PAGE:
Before San Diego City Council members voted unanimously April 10 to regulate drone use in the city, Dmitri Diakov said he was concerned the move would make it more difficult for him to get his fledgling drone business off the ground.
“The overreaction could completely put my business on hold,” Diakov said.
Diakov, a journalism and media studies professor at San Diego State University, is a longtime drone enthusiast who is in the process of launching an aerial imaging solutions company. Escondido-based Sparrow Drones aims to serve clients across the San Diego region.
It’s a dream business for Diakov, who said he started envisioning his startup after the Federal Aviation Administration drew up federal guidelines governing unmanned aircraft.
But as a growing number of drones continue to dot the local airspace, municipalities have moved to adopt rules that align with or go further than the federal mandate. In San Diego, council members opted for an ordinance that essentially mimics the FAA’s regulations, a move intended to give local law enforcement the ability to cite those who violate them. The FAA rules detail requirements for pilot certifications, aircraft specifications and where unmanned vehicles can fly.
San Diego City Council member Chris Cate, chairman of the committee that recommended the city’s amended ordinance, said the panel acted in an attempt to follow the FAA’s request that local governments enact local regulations.
“We wanted to make sure we set up our law in a way that wasn’t conflicting,” Cate said.
The FAA rules stipulate that recreational drone users must register their device in a national registry, fly no higher than 400 feet, keep their drone within their line of sight, and steer clear of airports, stadiums, groups of people, and emergency response activities. Aside from providing basic personal information, users aren’t required to reveal much about themselves and don’t need any sort of pilot’s license.
Commercial drone operators, however, must receive the Transportation Safety Administration’s stamp of approval and be in possession of a Remote Pilot Certificate, which is earned upon passing a rigorous aeronautical knowledge test.
On the ground in San Diego
Before the City Council voted on the local regulations, San Diegans aired several concerns.
Those involved in the “San Diegans for Safe Drones” Facebook group don’t think the rules do enough to address privacy concerns. The most recent post on the site, dated Feb. 28, said the city “needs to do more.”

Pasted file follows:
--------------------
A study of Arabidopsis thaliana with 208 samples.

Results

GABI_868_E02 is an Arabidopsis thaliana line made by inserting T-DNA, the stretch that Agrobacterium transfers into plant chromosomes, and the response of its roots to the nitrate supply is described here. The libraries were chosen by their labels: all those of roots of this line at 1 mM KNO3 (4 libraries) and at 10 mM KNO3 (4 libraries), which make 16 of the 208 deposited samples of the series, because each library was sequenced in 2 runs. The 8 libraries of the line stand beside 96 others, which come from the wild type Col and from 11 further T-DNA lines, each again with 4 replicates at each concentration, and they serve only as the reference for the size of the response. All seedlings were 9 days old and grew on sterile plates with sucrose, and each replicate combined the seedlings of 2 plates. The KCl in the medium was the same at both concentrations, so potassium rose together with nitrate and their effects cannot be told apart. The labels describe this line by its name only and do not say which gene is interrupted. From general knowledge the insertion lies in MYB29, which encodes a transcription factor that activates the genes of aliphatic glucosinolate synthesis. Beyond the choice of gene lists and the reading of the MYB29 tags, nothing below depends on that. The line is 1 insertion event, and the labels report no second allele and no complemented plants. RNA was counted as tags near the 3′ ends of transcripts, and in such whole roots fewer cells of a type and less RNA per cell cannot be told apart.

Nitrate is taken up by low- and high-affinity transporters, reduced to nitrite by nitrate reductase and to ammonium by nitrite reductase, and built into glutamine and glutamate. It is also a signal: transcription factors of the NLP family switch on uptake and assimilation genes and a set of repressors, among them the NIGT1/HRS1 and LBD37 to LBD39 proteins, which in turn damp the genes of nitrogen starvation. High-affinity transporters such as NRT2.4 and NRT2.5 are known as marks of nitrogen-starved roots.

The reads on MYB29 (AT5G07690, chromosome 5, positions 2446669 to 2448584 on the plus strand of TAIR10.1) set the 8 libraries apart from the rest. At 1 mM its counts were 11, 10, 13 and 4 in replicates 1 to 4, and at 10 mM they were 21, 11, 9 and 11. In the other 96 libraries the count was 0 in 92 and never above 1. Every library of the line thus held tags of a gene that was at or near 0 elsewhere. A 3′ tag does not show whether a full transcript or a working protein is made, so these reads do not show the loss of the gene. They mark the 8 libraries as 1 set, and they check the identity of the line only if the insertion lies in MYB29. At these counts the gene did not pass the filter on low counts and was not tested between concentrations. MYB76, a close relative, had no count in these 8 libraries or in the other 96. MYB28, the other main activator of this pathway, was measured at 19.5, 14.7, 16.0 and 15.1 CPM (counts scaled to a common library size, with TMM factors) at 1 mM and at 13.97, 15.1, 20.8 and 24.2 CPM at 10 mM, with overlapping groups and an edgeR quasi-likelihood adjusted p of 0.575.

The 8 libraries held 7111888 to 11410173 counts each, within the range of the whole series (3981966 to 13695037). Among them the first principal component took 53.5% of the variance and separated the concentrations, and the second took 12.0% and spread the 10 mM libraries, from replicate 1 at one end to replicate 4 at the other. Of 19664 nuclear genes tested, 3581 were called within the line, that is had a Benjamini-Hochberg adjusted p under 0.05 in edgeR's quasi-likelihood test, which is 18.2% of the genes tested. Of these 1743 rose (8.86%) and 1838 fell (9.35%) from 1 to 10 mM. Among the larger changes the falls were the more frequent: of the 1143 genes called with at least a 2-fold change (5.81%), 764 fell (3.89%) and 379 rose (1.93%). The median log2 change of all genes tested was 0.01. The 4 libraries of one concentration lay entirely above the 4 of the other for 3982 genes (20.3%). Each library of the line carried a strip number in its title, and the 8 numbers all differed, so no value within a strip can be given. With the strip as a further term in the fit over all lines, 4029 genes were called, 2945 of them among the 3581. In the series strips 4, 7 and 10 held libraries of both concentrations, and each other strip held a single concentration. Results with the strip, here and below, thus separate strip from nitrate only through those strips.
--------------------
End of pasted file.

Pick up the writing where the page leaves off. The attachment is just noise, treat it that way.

Dan Gilleon, a local trial lawyer, said it’s disconcerting that the rules don’t specifically prohibit drone flights over schools or sidewalks.
While the FAA is in charge of regulating the airspace, Gilleon said the federal government isn’t necessarily tuned into the specific needs or concerns in individual cities and localities.
“The FAA is a federal agency – it doesn’t know San Diego, or where drones should or shouldn’t fly, here. That should be up to local legislative branches,” Gilleon said.
Beyond the FAA-crafted rules, Gilleon said it’s going to take local investment in technology and training to properly enforce drone laws.
“As the number of drones increase, the injuries are going to increase, and the first time someone gets killed from a drone fall – and it’s going to happen – people are going to wonder why we didn’t have a law on the books,” Gilleon said before the City Council vote. “I don’t think the best answer is going to be: ‘We didn’t think we could enforce that.’”
Lisa Ellman, who chairs the Unmanned Aircraft Systems practice at Washington, D.C.-based Hogan Lovells, noted that states and municipalities do have the right to regulate property and privacy rights. But when adopting new rules related to drones, she said, those governments should consider whether or not they’re duplicative with what already exists.
“Most of the laws or rules already on the books cover these things,” Ellman said. “For example, there are already ‘Peeping Tom’ rules in place – just because they do it with a drone, doesn’t mean they’re not still violating ‘Peeping Tom’ rules,” Ellman said.
As far as safety is concerned, the FAA prohibits recklessly endangering the public, Ellman said. Drone operators aren’t allowed to fly directly over people, beyond visual line of sight, or at night without special permission.
Diakov said the accidents people might hear about represent a minority of situations, and that fears are driven by a lack of knowledge. He expressed confidence that educating the public about the precautions drone companies already take, and the rules that require them to do so, will help put people at ease. Until then, if drones cause enough of a ruckus, he fears legislators could overregulate.
If governments adopt more stringent rules, he said, that could turn prospective clients away from his services. It could also send the message that his business and others like it are not welcome in San Diego.
“It creates this unfriendly, paranoid environment that could really hamper commercial drone use,” he said.